A thermostatic radiator valve (TRV) is made up of two parts. The thermostatic head contains an actuator that expands and contracts as the temperature rises and falls. The valve body has a sprung plunger inside it that closes and opens the supply of water (or steam, in two-pipe installations) into the radiator.
Above - thermostatic head (left) and valve body (right).
When the two are put together the supply of heat into the radiator is automatically controlled with respect to the temperature of the room. When the room reaches the desired temperature, the valve closes and the radiator stops heating. The room then cools, the valve opens and the radiator begins to heat again.
Above: Technical drawings of thermostatic head (actuator) and thermostatic valve body.
Turning the handle of the thermostatic head adjusts the distance that the actuator must expand by to close the valve. Many TRVs have a 1 to 5 scale - with 1 representing the smallest distance and 5 the greatest. The larger the distance, the warmer the room must be before the valve is closed.
Thermostatic valves are designed to let a small amount of water pass through when the room is cold to protect against frost. If you need to shut the valve off completely, when removing the radiators from the system in order to decorate, for instance, use the decorator’s cap supplied with the valves.
Not all TRVs have a 1 to 5 scale. Our Windsor TRVs - our single most popular valve - works exactly the same as traditional-looking thermostatic valves but with a more discrete scale. Rings on the neck denote the 1 - 5 settings. Once set, you usually don't need to touch the TRV much at all so the lack of visibility isn't a problem.
The beauty of a TRV is that they don't need adjusting when the outside temperature changes. The thermo-sensitive element automatically adapts to the changing temperature and keeps the radiator heating longer when the outside temperature falls.
We're asked this a lot and the answer is no, not at all. Regular TRVs (read about Smart TRVs below) are a simple mechanical valve that have no electronic parts and cannot communicate with the boiler. All heating systems need some sort of electronic thermostat that tells the heat source when to supply hot water or steam to the radiators. We recommend a learning thermostat such as Nest.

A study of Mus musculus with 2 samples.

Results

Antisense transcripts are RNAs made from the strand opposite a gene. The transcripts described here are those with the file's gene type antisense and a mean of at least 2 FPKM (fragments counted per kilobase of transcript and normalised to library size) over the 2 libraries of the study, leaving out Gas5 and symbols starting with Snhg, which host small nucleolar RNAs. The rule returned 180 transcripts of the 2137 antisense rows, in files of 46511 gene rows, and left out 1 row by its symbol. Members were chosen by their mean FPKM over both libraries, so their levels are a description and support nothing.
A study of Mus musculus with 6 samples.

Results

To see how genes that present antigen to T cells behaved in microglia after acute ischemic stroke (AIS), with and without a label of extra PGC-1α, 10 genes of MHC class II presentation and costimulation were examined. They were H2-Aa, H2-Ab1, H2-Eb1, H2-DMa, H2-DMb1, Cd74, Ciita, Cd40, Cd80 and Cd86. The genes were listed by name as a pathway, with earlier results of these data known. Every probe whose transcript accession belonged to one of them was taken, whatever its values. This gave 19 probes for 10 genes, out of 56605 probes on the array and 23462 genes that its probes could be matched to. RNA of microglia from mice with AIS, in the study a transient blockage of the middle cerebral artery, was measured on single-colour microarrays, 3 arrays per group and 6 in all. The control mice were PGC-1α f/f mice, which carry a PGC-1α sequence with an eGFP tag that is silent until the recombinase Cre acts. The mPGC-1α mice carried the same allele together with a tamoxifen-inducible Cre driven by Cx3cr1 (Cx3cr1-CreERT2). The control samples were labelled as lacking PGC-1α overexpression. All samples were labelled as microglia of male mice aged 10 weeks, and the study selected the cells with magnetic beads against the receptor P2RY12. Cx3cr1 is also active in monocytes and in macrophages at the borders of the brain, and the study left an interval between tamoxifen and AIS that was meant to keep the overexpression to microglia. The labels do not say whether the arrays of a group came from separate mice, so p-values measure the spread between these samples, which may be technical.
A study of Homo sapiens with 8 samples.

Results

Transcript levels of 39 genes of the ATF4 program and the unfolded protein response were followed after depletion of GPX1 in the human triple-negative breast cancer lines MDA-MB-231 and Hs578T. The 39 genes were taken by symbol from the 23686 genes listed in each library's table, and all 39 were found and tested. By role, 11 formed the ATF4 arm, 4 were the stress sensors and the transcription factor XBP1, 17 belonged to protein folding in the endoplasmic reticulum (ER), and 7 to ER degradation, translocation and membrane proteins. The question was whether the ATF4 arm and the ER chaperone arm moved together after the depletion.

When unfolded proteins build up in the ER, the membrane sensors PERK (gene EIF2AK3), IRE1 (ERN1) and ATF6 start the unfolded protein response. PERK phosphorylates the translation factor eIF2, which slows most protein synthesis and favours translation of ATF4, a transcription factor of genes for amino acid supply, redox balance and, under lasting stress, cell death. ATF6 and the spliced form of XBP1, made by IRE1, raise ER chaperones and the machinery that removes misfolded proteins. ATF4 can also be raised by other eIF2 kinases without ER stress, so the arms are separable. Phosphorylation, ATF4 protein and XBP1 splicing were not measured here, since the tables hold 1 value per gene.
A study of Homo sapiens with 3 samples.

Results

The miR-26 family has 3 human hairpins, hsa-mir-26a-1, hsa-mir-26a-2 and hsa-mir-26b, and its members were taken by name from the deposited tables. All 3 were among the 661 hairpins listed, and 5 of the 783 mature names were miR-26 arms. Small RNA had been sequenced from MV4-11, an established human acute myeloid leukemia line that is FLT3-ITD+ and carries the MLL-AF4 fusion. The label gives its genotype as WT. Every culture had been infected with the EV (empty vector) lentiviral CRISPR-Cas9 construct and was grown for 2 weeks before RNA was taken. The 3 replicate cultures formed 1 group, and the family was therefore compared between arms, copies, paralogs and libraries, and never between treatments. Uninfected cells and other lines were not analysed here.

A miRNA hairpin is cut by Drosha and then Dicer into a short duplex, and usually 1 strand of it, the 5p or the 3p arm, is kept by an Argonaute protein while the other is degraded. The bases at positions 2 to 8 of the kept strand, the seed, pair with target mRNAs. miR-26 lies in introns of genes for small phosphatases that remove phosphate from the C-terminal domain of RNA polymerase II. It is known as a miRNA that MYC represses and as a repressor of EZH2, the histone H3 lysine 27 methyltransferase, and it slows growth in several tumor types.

Thermostatic radiator valves work completely independently to the boiler and don't have any direct control on its operation.
There is an indirect link - TRVs control the temperature of each room, and therefore have an effect on the temperature that's sensed by the wall thermostat. This is why it's often recommended that thermostatic valves aren't used in the room where the wall thermostat is located.
The biggest update to TRVs since their invention in the 1970s is smart tech - the internet of things. It's now possible to use an electronic actuator to control radiators, giving granular control from a smartphone or laptop anywhere in the world.
The basic concept is the same as traditional TRVs but the level of control is far more detailed. We work with Genius Hub who offer an intelligent control system that works seamlessly with most boilers and heat pumps, and of course with our radiators too.
Unlike two-pipe steam and hot water radiators, one-pipe steam radiators are controlled not at the inlet side but instead on the outlet. Adjusting the size of the opening into a one-pipe steam radiator causes problems with condensate drainage so instead, we control the air that leaves it.
Before a heating cycle starts one-pipe radiators are full of air. If that air can't get out, the steam can't get in. Adding a thermostatic valve between the radiator and the air vent adds control to the amount of air that can escape and, as a result, the amount of steam that enters the radiator.
If no air can get out, no steam can get in.
Thermostatically-controlled steam radiators require a vacuum breaker. Our discrete VAB05 vacuum breaker is designed specifically for this purpose.